Rare conjoined twins pregnancy to proceed despite pressure from doctors to abort
SYDNEY, Australia, February 10, 2014 (LifeSiteNews.com) – Aussie battler couple Renee Young and Simon Howie, of Tregear, are pregnant with a type of conjoined twins so rare that only 35 cases have ever been recorded, of which none are alive today. Despite the advice of doctors, they are determined to see the pregnancy through and enjoy the arrival of the twin girls.
As told to A Current Affair, it was at a routine ultrasound at 15 weeks and two days that Renee's sonographer spotted something unusual and sent her back to her local doctor. It was only then that her doctor broke the news. Renee and Simon were told that they were expecting conjoined twins. Renee described the experience as “difficult” and “hard to take in.”
It left the couple shocked and confused, and not entirely sure how to take the news. It was unusually quiet on the way home. When they started to talk about it, the conversation was about “where we were going from that stage” and they both agreed to continue the pregnancy. As Renee continued to explain, “everything happens for a reason, so what happens … happens.”
After more tests at Bankstown hospital in Sydney, the head of obstetrics confirmed the diagnosis.
The advanced stage of Renee's pregnancy was also a stated factor in deciding to continue. She said that even if it was only at the ten weeks stage she wouldn't terminate. “I've still got to give birth whether it's now, ten weeks, or full term. To me it doesn't make a difference.”
The couple sees this pregnancy as the same as having an unborn baby with autism or Down Syndrome, making no sense to abort babies that are healthy and growing well in the womb.
Doctors had still advised the couple to abort because the babies would “be looked upon by the public as a freak." Issues with schooling, growing up and having friends were also cited.
Renee also has debilitating rheumatoid arthritis, and the couple is living in social housing with their seven children, surviving on disability and carer's pensions.
Simon and Renee aren't daunted by this. With seven children already, they have their support team in place. Teenage daughters Jess (oldest), Patsyanne and Angel are on side, and wouldn’t abort the babies either, regardless of how big the challenge will be.
Simon and Renee are aware of the job ahead and are taking it one day at a time. They're hoping that nothing major will go wrong with the conjoined twins, but they're prepared to re-enter the workforce if that is what it takes in order to provide. They already expect ridicule from some members of the public.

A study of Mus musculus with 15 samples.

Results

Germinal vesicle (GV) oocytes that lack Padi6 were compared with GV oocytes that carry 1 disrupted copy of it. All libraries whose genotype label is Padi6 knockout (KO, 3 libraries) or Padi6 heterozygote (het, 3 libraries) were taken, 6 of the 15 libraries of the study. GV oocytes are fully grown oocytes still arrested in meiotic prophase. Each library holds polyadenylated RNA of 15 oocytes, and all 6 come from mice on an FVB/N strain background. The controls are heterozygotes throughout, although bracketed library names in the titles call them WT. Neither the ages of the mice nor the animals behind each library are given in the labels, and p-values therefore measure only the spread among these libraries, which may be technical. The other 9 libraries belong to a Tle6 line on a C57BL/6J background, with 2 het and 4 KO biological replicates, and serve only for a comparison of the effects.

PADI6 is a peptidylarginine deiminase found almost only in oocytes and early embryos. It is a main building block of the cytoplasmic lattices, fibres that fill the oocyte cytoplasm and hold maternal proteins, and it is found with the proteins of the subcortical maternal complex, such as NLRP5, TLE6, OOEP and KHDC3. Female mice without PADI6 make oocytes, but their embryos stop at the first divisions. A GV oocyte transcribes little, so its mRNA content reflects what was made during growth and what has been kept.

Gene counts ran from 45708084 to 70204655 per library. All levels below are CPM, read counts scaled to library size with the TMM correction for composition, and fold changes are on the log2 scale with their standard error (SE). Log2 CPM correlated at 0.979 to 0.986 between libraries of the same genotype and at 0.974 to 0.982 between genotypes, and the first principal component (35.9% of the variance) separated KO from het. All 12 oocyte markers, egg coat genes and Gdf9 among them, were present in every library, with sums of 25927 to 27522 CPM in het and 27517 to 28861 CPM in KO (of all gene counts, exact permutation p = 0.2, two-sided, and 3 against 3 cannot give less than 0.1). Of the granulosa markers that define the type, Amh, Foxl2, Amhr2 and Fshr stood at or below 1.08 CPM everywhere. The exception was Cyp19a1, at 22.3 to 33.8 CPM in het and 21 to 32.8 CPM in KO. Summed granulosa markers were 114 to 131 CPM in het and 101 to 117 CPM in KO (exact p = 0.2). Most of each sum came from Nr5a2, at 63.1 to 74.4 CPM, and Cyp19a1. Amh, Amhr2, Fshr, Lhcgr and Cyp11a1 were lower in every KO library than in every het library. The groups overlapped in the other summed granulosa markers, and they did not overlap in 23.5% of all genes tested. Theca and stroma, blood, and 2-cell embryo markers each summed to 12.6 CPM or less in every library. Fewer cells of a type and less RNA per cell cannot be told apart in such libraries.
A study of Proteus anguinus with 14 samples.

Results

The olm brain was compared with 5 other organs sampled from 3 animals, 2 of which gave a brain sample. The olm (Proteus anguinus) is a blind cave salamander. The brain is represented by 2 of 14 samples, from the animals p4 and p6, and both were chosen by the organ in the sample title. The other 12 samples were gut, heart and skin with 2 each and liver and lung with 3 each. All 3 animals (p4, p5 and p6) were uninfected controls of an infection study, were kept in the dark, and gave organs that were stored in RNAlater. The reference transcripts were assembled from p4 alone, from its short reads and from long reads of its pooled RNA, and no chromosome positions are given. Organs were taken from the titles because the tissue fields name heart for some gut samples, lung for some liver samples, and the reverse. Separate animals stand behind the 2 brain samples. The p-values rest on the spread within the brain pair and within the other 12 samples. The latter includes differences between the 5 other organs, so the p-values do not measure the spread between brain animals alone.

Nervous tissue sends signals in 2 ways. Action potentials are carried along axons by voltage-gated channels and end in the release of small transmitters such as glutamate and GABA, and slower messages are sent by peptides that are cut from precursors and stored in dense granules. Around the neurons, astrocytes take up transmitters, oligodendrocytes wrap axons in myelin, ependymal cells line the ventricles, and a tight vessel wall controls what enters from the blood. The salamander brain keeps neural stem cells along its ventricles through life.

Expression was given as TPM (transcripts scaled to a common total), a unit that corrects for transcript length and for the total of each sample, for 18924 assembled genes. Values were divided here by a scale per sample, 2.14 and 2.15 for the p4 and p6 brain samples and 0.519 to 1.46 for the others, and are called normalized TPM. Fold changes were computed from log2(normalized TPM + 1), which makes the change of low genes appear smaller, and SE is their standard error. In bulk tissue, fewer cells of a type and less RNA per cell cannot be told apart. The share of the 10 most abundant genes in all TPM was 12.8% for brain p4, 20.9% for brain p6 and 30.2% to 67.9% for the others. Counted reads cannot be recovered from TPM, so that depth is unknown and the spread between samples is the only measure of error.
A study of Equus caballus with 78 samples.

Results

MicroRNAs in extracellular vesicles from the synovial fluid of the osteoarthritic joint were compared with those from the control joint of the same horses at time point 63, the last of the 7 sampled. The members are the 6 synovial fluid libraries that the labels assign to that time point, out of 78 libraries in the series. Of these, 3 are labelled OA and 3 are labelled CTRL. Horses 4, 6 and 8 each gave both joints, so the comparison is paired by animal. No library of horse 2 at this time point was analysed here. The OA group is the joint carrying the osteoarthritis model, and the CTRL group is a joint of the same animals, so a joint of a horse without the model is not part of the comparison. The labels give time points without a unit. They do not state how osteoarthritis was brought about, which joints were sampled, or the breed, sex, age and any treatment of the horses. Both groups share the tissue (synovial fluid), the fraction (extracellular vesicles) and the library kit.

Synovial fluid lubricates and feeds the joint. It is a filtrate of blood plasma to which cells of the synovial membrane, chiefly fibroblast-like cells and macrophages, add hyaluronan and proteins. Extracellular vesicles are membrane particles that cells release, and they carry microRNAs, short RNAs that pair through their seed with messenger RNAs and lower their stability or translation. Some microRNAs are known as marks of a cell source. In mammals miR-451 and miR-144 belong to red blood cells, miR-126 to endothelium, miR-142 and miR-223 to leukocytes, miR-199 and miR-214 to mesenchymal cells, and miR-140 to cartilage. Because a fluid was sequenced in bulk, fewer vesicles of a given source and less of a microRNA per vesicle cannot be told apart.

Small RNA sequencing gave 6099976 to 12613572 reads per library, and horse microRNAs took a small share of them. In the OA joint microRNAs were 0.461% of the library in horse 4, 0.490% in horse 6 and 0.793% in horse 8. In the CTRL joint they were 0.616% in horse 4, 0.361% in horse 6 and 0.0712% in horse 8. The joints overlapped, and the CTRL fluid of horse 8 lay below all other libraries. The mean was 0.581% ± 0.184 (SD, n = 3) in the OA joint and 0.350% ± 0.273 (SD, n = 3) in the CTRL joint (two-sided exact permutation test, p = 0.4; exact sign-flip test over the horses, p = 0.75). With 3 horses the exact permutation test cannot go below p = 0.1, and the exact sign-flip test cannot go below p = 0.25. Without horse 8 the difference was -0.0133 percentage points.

The last diprosopus (craniofacial duplication) conjoined twins were born in India in 2008, lasting two months. This will likely be the first set for Australia. This type of conjoined twin has one body and one set of organs, but the head is divided into two faces. Scans have shown that Simon and Renee's conjoined twins each have their own brain, both of which are connected to the one brain stem.
Simon and Renee are positive about how the pregnancy is proceeding. Renee says, “While it's in my belly it's healthy. So ... the heartbeat is beautiful. The brain activity is good in both brains. We can't sort of come to grips with not having it.”
“We can't be fully prepared, but we want its existence to be out there. It's going to be here and I want people to know about it. It does happen. It may be very rare, but it does happen,” she said.
Simon has been spending many late nights researching the condition on the internet to learn as much as he can. Not just learning more about diprosopus, but to be reassured of the path that they plan to take. Breathing difficulties and heart problems are some of the issues to be dealt with.
And for the doctors that think they should abort the babies now rather than wait for them to succumb? Renee says that even if she only gets two days with the babies, at least she gets some time with them. Simon agrees, pointing out that the rest of the family would also get to spend that time with their newest sisters.
Their babies are due in July, and the specialist has stated that he can't think of any reason why the babies won't survive the birth. They have also been advised that there is no reason to have a C-section. A natural delivery is planned.